Just the Facts: German Federal Elections 2017

Federal elections were held in Germany on Sunday 24 September 2017.  The centre-right Christian Democrat alliance (CDU-CSU) led by Chancellor Angela Merkel had been in a ‘grand coalition’ with the centre-left Social Democrats (SPD) since November 2013. Provisional results released by the Federal Returning Officer indicate that the CDU-CSU remain Germany’s biggest parliamentary group in the Bundestag.  The CDU-CSU will now enter into coalition talks with other parties in order to form a government.

Background

German federal elections to the national parliament, the Bundestag, are held once every four years.  Germany uses the mixed-member proportional representation system, which is a system of proportional representation combined with components of first-past-the-post voting. 299 of the 598 seats in the German Bundestag are elected directly from Germany’s 299 constituencies; the other half are elected from party lists in the sixteen states or Länder.  Voters therefore cast two votes, one for their constituency representative (the first vote), and the other for a party listed in their state or Land (the second vote).  The party list vote, or second vote, determines the strength of the parties in the Bundestag.  

Seats are distributed amongst parties who gain more than five percent of the second vote, or three constituency seats.  Sometimes extra seats, known as ‘overhang seats’ or ‘balance seats’ are allocated to parties and added to the Bundestag.  Overhang seats are allocated if a party gains more constituency seats than they would have otherwise been entitled to according their proportion of the second vote.  Whereas, balance seats  are created to ensure that the distribution of the seats is reflective of parties’ share of the second vote and so that no party receives fewer than its guaranteed minimum number of seats. 

Coalition governments are common in Germany.  Since Angela Merkel was first elected as Chancellor in 2005, the centre-right Christian Democrat alliance (CDU-CSU) has twice entered into coalition with the Social Democrats (SPD), first from 2005 to 2009, and most recently from 2013 to 2017, as well as once alongside the liberal Free Democratic Party (FDP) from 2009 to 2013.  

The appointment of Martin Schulz, former European Parliament President, to lead the SPD in January 2017 briefly pushed the party ahead in polls, although more recent polling had shown the CDU-CSU retaining its position as the biggest grouping in the Bundestag.  On Sunday 3 September, Mr Schulz and Chancellor Merkel debated in the only televised head to head of the election.  Before the debate the CDU-CSU were polling 15 to 17 percentage points ahead of the SPD, however half of voters said they were undecided.  Germany’s migration policy in 2015, diplomatic relations with Turkey, and social inequality all featured prominently in the debate between the two leaders.   Polls taken after the debate showed that viewers found Chancellor Merkel to be more convincing than Mr Schulz in the debate; 55 per cent versus 35 per cent.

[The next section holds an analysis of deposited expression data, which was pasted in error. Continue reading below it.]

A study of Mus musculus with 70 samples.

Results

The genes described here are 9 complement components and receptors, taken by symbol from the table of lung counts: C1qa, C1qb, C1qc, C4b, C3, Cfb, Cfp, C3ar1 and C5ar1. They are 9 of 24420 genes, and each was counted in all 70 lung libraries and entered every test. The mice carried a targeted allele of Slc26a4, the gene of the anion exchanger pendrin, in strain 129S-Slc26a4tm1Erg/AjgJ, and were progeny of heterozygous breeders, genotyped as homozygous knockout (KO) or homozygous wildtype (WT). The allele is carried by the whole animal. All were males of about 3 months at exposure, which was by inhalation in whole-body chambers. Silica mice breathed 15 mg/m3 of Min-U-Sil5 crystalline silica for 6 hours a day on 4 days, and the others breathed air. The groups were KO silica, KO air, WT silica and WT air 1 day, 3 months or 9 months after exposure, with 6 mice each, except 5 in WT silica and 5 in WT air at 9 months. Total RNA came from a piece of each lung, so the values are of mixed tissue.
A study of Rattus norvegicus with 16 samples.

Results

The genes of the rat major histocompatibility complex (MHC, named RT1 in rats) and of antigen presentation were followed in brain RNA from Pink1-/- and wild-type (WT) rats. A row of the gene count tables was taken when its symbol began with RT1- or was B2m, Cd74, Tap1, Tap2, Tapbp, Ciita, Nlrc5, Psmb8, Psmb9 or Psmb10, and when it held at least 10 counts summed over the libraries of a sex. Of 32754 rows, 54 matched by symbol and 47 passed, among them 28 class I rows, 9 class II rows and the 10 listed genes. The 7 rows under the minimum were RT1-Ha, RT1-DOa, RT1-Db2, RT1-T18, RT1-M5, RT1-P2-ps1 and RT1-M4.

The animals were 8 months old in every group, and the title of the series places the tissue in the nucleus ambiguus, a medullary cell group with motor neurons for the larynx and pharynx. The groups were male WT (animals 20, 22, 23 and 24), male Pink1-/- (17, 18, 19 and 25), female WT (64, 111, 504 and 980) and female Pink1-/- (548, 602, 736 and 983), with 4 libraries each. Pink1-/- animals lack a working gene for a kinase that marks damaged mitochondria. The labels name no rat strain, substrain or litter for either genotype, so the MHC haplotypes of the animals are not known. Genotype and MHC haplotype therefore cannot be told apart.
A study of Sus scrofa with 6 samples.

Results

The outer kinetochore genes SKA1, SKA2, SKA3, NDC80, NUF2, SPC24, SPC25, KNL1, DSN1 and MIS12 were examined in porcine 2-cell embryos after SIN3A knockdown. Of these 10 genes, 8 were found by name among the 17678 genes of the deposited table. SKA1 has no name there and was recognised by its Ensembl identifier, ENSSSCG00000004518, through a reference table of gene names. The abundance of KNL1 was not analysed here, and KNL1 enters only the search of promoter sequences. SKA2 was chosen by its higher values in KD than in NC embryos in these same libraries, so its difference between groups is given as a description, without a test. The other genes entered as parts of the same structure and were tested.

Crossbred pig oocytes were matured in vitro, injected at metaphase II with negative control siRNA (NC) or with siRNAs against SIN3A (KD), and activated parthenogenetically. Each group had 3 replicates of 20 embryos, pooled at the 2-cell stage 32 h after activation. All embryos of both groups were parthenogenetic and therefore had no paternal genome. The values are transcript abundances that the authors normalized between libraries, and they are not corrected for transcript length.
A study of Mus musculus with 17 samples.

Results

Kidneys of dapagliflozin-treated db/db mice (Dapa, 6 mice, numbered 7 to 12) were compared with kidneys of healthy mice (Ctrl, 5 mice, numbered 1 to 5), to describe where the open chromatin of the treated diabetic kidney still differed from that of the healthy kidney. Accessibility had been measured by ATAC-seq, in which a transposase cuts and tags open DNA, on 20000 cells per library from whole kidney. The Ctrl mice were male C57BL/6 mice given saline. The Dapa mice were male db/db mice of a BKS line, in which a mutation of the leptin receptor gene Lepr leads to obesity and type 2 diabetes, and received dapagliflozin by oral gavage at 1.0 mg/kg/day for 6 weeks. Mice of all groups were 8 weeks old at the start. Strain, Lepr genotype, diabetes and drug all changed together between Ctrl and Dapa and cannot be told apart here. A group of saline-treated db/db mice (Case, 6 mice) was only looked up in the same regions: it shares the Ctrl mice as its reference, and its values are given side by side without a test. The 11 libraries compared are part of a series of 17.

Results

Turnout for the election was 76.2 per cent, higher than in the past two federal elections in 2009 and 2013.  The federal elections saw six parties enter the Bundestag for the first time, as a result of passing the second vote, five percent threshold needed to gain seats in the Bundestag.

Provisional results released by the Federal Returning Officer indicate that the CDU-CSU has won 33 per cent of the second vote, which translates to 246 seats and means the alliance remain the biggest parliamentary grouping.  This is, however, a decline in their vote share of 8.5 per cent compared to 2013, and represents a loss of 65 seats overall.  The SPD remain the second biggest party, winning 20.5 per cent of the second vote and returning 153 seats. However, the result represents the party’s lowest return since the establishment of the Bundestag in 1949.

The far-right group AfD won 12.6 per cent of the second vote and returned 94 seats, entering the Bundestag for the first time in their history.  In the previous 2013 federal elections the AfD polled at 4.7 per cent, falling short of the required five percent.  The FDP received 10.7 per cent of second votes and re-entered parliament as the fourth-biggest party with 80 seats, having also not met the five percent requirement in 2013.  Both the Left Party (69 seats) and the Greens (67 seats) registered slightly higher voting scores than in 2013, receiving 9.2 per cent and 8.9 per cent of the second vote respectively.

111 additional overhang and balance seats are set to be allocated, bringing the total number of seats to 709.

Reaction

At the ‘Elephant’s Roundtable’, a post-election televised debate with party leaders, Mr Schulz reiterated that the SPD would not go into coalition with the CDU-CSU.  Chancellor Merkel said that she had “wished for a better result”, but added that her party was “clearly the strongest party”. 

With the SPD ruling itself out of another possible coalition with the CDU-CSU, and Chancellor Merkel having ruled out a coalition with the far-right AfD, a so-called ‘Jamaica’ coalition (an amalgamation of the symbolic colours of the parties in such a coalition) between the CDU-CSU, the Greens and the FDP appears most likely.  

The CDU-CSU will now enter into coalition talks with other parties to form a government which could take up to several weeks or even months.